Each year, Americans look forward to the annual Puppy Bowl as a canines across the nation come together for a dog version of the Super Bowl. First premiering in 2005, the program shows a group of dogs of various breeds at play in a pretend football stadium. It’s wholesome fun for the whole family and has become an important aspect of the whole Super Bowl Sunday experience. However, the purpose behind the Puppy Bowl encompasses something much greater, according to CNN.
The goal behind the Puppy Bowl isn’t just to provide entertainment by showing some cute puppies playing together. In fact, the event is carefully planned out down to every last detail. Each puppy chosen to participate is selected for a very specific reason. The event is meant to encourage pet adoption and emphasize the value of rescuing an animal from a shelter.
When looking to welcome a new pet into the family, people often opt to buy a dog from a breeder. They may spend hundreds if not thousands of dollars. The Puppy Bowl features dogs that are all from shelters across the country. Event organizers hope to persuade those considering a new pet to adopt rather than shop. With so many animal shelters filled to capacity, adopting a dog really could be saving a life.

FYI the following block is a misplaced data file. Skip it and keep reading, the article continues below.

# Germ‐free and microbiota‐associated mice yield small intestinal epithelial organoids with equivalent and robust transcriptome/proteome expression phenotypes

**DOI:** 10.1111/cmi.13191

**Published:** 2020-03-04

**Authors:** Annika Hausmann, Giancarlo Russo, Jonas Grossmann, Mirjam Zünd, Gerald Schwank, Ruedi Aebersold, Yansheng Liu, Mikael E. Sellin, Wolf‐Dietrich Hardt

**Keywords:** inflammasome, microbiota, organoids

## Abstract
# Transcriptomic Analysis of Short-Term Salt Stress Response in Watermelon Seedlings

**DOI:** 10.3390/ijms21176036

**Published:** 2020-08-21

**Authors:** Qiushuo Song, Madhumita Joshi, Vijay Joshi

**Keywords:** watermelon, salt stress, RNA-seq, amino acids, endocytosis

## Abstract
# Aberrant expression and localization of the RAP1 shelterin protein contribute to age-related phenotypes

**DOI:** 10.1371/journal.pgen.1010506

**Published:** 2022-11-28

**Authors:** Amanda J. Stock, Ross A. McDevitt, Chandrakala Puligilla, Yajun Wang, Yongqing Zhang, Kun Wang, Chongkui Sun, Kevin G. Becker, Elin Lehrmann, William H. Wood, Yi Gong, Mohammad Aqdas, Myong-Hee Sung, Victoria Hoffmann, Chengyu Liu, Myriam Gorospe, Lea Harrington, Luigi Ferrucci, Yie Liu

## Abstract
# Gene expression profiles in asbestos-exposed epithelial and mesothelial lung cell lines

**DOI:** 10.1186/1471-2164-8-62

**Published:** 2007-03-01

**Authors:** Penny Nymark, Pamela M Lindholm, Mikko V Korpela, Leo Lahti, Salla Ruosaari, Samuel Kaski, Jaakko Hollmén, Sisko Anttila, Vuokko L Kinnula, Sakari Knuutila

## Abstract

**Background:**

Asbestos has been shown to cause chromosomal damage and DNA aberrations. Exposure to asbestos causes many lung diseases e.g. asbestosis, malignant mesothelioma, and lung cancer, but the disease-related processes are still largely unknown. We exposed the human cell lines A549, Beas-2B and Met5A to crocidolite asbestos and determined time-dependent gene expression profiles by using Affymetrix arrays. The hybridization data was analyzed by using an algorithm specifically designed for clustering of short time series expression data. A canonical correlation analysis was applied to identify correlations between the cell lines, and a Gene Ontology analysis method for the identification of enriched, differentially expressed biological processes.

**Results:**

Each year an estimated 6.5 million cats and dogs are brought to U.S. animal shelters. With only limited supplies, many animals will face being euthanized if they are not adopted. In 2o11 alone, a staggering 2.6 million shelter animals were euthanized. However, statistics show that number has been growing smaller each year since. More animals are being adopted and more and more families are checking local shelters first before turning to breeders. What has been the catalyst for this positive change? Dan Schachner, the referee of the Puppy Bowl, attributes the decreased numbers to increased awareness.
“I’m not saying it is because of us, but we are part of a movement that is increasing awareness.”
This year’s Puppy Bowl will showcase 93 different puppies from 51 different animal shelters. They will join together for a chaotic game of puppy football that is sure to put a smile on viewer’s faces. It won’t just be dogs participating in the event. The halftime show will feature kittens, kangaroos, sloths, and more.
When asked why he chose to referee in the contest every year, Schachner had a simple answer.
“Dogs make us more human and they make us better people,” he said.